An overlooked detail in yesterday’s terrible shooting at the Tennessee Valley Unitarian Universalist Church in Knoxville, Tennessee is that one of the heroes who tackled the shooter is UT-Knoxville historian John Bohstedt. According to the New York Times, Bohstedt jumped on shooter Jim D. Adkisson while he paused to reload in spite of the other dangers Bohstedt and the other congregants might have faced. According to church member Sheila Bowen, “[Bohstedt] moved very quickly and he assessed the situation very quickly. . . . He’s sitting on this guy. [The shooter] had a package with him, wrapped in brown paper and tied with string, and John was afraid that that might be a bomb, so John was screaming at everyone to get out.”
Melissa at Shakesville notes that the Unitarian Univeralist church was targeted by Adkisson because he hated liberalism in general, and gay people in particular. (The UU church is very progressive, invites gay members, and ordains gay ministers.) Looks like you might want to start wearing that high-fashion kevlar vest pretty much everywhere in the U.S. these days, my friends.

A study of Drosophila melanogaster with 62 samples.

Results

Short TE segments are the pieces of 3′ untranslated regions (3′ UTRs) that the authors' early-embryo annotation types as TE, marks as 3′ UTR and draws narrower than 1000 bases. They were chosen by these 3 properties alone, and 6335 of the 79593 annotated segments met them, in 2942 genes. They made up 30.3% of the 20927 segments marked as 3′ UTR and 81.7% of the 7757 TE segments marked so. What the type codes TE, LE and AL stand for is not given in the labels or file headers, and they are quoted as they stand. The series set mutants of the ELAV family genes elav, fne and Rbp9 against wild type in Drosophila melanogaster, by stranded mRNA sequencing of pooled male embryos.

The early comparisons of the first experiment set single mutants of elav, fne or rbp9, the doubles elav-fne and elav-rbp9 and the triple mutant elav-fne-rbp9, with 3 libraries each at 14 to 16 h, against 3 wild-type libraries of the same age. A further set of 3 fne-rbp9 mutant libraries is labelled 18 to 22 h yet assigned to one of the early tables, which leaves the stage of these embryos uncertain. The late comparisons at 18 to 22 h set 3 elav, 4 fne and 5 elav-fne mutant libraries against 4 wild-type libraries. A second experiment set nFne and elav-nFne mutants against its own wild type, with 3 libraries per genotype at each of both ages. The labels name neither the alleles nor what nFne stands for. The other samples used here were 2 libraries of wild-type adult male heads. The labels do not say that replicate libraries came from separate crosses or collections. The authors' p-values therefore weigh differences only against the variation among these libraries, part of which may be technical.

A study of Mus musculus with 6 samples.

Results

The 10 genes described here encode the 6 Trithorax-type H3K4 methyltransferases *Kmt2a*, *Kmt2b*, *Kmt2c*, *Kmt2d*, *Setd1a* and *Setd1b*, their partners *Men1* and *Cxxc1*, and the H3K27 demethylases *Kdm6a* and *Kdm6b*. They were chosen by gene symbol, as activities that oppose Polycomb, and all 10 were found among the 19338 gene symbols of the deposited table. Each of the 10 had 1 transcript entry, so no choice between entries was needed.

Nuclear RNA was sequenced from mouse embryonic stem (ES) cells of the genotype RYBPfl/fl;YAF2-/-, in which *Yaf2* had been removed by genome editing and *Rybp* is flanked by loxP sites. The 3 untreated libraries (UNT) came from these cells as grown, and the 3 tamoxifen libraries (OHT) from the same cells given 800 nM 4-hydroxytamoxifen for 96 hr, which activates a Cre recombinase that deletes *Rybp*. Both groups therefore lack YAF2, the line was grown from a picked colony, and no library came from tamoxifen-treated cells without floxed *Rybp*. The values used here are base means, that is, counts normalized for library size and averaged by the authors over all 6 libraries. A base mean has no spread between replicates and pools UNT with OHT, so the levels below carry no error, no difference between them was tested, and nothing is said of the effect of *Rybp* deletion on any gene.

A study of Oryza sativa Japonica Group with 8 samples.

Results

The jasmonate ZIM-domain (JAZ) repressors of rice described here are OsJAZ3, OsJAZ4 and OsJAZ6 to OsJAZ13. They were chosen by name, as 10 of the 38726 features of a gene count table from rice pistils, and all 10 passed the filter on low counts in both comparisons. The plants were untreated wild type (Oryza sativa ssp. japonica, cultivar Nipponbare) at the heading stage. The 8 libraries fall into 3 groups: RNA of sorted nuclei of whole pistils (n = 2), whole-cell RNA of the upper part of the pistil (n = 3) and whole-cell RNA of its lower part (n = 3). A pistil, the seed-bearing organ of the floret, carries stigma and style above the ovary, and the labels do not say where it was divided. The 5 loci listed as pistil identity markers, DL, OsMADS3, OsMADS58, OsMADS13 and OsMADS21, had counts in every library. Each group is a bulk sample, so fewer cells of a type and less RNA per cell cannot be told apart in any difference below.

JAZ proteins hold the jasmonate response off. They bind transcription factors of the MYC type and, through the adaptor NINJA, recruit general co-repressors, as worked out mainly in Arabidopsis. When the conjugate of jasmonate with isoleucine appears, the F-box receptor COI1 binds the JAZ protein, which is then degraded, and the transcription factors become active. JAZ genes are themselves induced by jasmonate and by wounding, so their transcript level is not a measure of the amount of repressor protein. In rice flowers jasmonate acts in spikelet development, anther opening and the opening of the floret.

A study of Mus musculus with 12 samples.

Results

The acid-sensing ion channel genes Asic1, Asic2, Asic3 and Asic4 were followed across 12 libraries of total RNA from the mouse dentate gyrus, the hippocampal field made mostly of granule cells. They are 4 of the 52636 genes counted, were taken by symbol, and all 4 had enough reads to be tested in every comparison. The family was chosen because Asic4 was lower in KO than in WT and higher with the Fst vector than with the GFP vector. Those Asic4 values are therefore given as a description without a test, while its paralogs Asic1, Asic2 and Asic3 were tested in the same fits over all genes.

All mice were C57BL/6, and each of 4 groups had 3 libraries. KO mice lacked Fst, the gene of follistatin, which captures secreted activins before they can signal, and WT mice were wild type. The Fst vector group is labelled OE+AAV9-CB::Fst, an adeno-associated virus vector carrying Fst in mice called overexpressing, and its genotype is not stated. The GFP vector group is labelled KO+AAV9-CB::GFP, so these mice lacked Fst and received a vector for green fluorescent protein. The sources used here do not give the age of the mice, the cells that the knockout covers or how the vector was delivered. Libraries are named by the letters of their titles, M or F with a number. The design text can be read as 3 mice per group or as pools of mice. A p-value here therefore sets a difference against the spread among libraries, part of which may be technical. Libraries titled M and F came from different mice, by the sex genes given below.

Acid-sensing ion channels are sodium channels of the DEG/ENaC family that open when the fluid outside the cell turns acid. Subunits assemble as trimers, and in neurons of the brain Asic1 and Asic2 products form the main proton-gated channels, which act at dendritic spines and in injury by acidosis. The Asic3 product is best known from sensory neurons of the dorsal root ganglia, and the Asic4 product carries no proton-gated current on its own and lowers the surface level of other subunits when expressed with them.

When I hear news of the latest (yes, sadly, we can only assume this is the latest, not the last) shooting in a school, a church, or other public spaces, like many of you perhaps, I wonder how I would react and if I would muster the kind of metal clarity and physical courage that Professor Bohstedt showed. His example is very inspiring, but what a world we live in where that kind of bravery is called upon so frequently. My heart goes out to the TVUUC community and their friends and allies in Knoxville and beyond.
UPDATED, 7/29/08: See this description of the attack at TVUUC by a church member who was present Sunday morning. She gives a moving account of the heroism of Greg McKendry, the first shooting victim who was shot at point-blank range trying to shield others from the bullets. She also reports that other people saw John Bohstedt take down the shooter in a “flying tackle.”